There are many reasons that make Ryan Murphy's 10-episode "Impeachment: American Crime Story" essential viewing. Based on Jeffrey Toobin's 1999 bestseller "A Vast Conspiracy," the FX anthology series is gossipy, gripping, cunning, cruel, harshly hilarious and shockingly heartbreaking—sometimes all at the same time.
The first two seasons of "American Crime Story"—both outstanding— involved murder: The murders of Nicole Brown Simpson and Ron Goldman in "The People vs. O.J. Simpson" and fashion king Gianni Versace in "The Assassination of Gianni Versace."
No one is murdered in "Impeachment." It's reputations that go on the chopping block over these raw and riveting 10 hours. Not Bill Clinton's. He escaped the ruin his impeachment threatened and continued his second term as president and found a lucrative career afterward.
It's the three women who brought him to public account who bore the brunt of character assassination. Mocked by political pundits and late-night comics alike, these admittedly flawed women, whose 1990's infamy predated the MeToo and TimesUp movements, were denied what the male leader of the free world was not: their humanity.
Take Monica Lewinsky, the young White House intern who developed what tabloids termed a "fatal attraction" to Clinton during their time in close proximity. Opportunistic, overweight and crushingly insecure, Lewinsky—the oddly naïve child of Beverly Hills wealth—is low-hanging fruit for the flirtatious president, played with sex appeal and smarm by Clive Owen.
Beanie Feldstein, terrific in such films as "Lady Bird" and "Booksmart" and about to star on Broadway in "Funny Girl," portrays Lewinsky in all her vivid contradictions, vulnerable one moment, entitled the next. It's a brilliant portrayal that doesn't hide any chinks in the armor.
That may come as a shock when you realize that Lewinsky is a producer on the series with input on the scenes involving her. She does herself few favors, allowing Feldstein to build a performance so alive in complexity and feeling that she takes your breath away.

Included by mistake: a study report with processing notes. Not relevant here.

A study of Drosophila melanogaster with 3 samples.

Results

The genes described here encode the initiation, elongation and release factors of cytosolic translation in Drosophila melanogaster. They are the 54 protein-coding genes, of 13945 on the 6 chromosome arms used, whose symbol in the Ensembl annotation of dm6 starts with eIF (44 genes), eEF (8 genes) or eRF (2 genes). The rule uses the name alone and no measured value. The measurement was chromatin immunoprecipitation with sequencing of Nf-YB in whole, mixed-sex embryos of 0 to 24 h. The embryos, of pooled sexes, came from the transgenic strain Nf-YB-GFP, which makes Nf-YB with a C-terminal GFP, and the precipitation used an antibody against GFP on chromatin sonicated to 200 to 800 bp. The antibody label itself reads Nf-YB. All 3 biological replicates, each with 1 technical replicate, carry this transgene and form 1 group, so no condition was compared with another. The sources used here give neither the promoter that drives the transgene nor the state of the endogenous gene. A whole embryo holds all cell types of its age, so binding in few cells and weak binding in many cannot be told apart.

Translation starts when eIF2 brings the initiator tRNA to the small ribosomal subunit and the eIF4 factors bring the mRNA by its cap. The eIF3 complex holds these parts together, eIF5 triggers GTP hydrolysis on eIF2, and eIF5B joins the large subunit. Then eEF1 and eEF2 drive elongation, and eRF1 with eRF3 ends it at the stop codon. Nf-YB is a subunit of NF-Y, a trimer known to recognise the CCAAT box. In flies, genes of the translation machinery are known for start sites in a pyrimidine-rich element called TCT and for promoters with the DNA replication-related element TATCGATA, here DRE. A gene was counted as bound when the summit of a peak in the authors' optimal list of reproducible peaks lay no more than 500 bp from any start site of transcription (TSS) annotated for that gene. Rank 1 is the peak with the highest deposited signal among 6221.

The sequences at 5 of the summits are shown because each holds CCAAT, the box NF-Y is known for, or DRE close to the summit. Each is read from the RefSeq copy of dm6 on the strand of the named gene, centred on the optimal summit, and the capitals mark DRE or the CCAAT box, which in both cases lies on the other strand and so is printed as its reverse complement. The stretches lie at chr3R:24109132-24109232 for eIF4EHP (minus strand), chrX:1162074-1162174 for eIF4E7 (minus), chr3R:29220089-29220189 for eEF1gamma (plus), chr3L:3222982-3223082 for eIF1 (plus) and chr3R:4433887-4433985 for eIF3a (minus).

Of course, it isn't Lewinsky who first held Clinton's feet to the fire. That would be Paula Jones (a transfixing Annaleigh Ashford), the wife and mother who files a sexual harassment lawsuit against Clinton, claiming he exposed himself to her in a Little Rock, Arkansas, hotel room when he was governor. Jones wants an apology. Everyone else wants blood or money or both.
Enter special prosecutor Ken Starr (Dan Bakkedahl), who failed to impeach Clinton on the Whitewater scandal and thinks the Jones case might do it. But he needs more. He needs a way to nail Clinton for lying under oath. Lewinsky is his best bet, but how to get her on the record?
That role falls to Linda Tripp (Sarah Paulson), who worked with Lewinsky at the Pentagon and ultimately betrayed her friend for a maybe book deal by secretly taping her phone calls regarding Clinton and her semen-stained, blue dress that might come in handy.
Tripp, who died of pancreatic cancer a year ago at age 70, is perhaps the most vilified of the three women. The media knives were out for the ungainly, unprincipled, unlikable Tripp. She's easy to mock as long as you don't look inside and try to understand.
Paulson understands. She sees the loneliness eating at this divorced wife and mother—a D.C. careerist the players never let in, an off-putting scold who built her hard shell as a shield against hurt. Tripp watches helplessly as Lewinsky calls her a "treacherous bitch" and as John Goodman, in drag, fat shames her on "SNL." Paulson says she now regrets wearing a fat suit.
And yet, Paulson, a consummate actress of startling versatility, gives Tripp what she was never allowed by those who judged her: three dimensions. Without excusing Tripp's actions, Paulson finds the grit in a woman who refused to accept being categorized as broken.
For all the barbs you can throw at "Impeachment—a script that goes shallow when it most needs to dig in, an overloaded cast given too little to do (Edie Falco's Hillary Clinton doesn't get a moment till Episode 7)—the series succeeds in humanizing three women that, until now, history reduced to national jokes.
As all of Starr's men, led by Mike Emmick (Colin Hanks), backslap each other for exploiting Lewinsky, Jones and Tripp for political ends—Bill Clinton never stood trial for harassing women, only for lying about it—"Impeachment" calls out the rampant sexism that women are still battling. That's why this story needs to be told now and that's why it stings. Like hell.